IT'S A TESTAMENT to Disjecta Curator-in-Residence Rachel Adams' range that this fall's Intimate Horizons is followed by Sightings, a collection of video installations from Jessica Mallios and Kevin Cooley. While Intimate Horizons featured Claire Ashley's colorful, balloon-like, almost humanoid objects, Mallios and Cooley's video installations challenge what we ordinarily expect from video art and photography, the works' pointed coolness the polar opposite of larger-than-life sculpture.
Named for San Antonio's 750-foot rotating observation tower slash restaurant (where it was filmed), Mallios' "Tower of the Americas" is an ode to Steadicam. Her camera remains static while the tower circles, providing a disorienting look at the city. But the camera's real focus is the smudges, scratches, and raindrops on the glass in between the camera and its subject, writ giant in the camera's focus, like imperfections blown up hugely on a filmstrip—in effect, the Tower's window becomes a smudged lens, captured through a clean one.
Photography is a medium historically well suited to hiding your tracks: Even pre-Photoshop, when an image emerged interrupted by dust spots and scratches, the painstaking next step would be to fill them in with exactly the right shade of dark ink. So to see a video in which imperfections aren't a distraction but the subject—especially of something this precisely made—is destabilizing and unexpected.
But it's Cooley's "Skyward" that truly stands out—at first, it just looks like a nubby patch of fake turf strewn with pillows, out of place and almost sloppy-looking in the middle of the pristine gallery floor. Lie down on the "grass," though, and you'll see a video projected onto the ceiling, the camera face-up and moving lazily through Los Angeles, capturing the underbelly of a freeway overpass, vapor trails from planes overhead, the edges of buildings, and palm trees shaking against a perfectly blue sky. Disjecta's curatorial materials state that Cooley's intent was to replicate the perspective of a passenger looking up from a convertible, and I can see it, minus the infuriating Celtic knot of LA traffic.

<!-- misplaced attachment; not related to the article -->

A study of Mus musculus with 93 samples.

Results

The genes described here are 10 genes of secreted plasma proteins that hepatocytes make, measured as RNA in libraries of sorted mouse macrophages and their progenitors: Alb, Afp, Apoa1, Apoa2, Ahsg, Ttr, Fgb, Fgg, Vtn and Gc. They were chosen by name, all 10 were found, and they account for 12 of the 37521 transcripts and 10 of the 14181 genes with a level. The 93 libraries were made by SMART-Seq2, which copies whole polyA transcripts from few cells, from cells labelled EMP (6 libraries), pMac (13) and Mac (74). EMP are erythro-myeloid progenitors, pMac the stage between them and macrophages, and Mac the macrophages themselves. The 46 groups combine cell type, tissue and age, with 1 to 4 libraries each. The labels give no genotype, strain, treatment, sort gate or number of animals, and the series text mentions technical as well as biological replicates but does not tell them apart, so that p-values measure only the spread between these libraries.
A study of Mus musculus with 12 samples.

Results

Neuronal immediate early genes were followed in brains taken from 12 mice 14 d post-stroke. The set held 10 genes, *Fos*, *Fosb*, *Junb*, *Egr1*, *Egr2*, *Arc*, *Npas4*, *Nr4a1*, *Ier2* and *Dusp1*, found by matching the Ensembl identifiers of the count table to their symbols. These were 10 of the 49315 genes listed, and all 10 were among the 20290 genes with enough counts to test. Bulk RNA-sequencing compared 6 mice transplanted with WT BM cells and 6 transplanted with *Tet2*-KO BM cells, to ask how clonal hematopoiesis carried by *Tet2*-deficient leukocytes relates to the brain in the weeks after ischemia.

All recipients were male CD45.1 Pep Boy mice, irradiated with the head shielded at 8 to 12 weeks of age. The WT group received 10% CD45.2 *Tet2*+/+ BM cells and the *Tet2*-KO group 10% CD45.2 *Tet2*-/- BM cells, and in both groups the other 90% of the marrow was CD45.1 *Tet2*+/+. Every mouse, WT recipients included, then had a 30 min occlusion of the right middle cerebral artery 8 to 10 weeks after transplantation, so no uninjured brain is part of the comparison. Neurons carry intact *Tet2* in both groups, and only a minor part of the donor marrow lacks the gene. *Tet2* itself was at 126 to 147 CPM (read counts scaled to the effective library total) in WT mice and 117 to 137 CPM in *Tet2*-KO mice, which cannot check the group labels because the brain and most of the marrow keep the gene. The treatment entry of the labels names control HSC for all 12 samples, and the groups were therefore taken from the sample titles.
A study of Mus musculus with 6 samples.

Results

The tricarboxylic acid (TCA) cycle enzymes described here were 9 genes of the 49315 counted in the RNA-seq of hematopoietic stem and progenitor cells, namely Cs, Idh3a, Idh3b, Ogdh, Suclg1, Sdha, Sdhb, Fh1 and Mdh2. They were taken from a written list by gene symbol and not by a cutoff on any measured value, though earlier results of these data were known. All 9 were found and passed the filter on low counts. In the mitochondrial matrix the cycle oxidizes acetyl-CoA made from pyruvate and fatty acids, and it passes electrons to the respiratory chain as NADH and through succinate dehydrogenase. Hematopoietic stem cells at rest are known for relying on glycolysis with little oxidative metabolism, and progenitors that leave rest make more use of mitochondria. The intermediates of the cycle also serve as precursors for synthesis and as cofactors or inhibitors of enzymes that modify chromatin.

If Adams' Intimate Horizons-to-Sightings quick-change is any indication, it'll be interesting to see what she does next.
Money, Cash, Woes
EMILY HANNA WYANT takes the subtle whimsy of Cooley's fake grass lawn, and amplifies it with the unapologetic weirdness of a nascent Fischli and/or Weiss. In Gotta Make Money to Make Money, up now at Nisus Gallery, Wyant set her sights on perceptions of value, whether in a retail or gallery environment (or both—this is a show that strongly critiques the commercialization of art via the gallery system). Wyant's centerpiece is a stack of 239 handmade gold bricks. They aren't real gold, obviously—the truth is right there in the piece's title ("Counterfeit Gold Bricks") and the materials listed (plaster and gold spray paint). But that doesn't really matter, and in fact it's kind of the point. If anything, Gotta Make Money embodies the transfigurative power of the art world: Almost anything can be called art, and once it achieves that designation through the accepted channels, it takes on a type of cultural and financial value, whether earned or not.
Joining the bricks: lightboxes housing lyrics from Wu-Tang Clan and Nicki Minaj. While seeing "Cash rules everything around me." on a lightbox in a gallery is an experience I'd wish on anyone, I wonder if Wyant would've packed even more of a punch had she only offered up that stack of meaningless gold bricks, in all of its slapdash, fuck-you glory.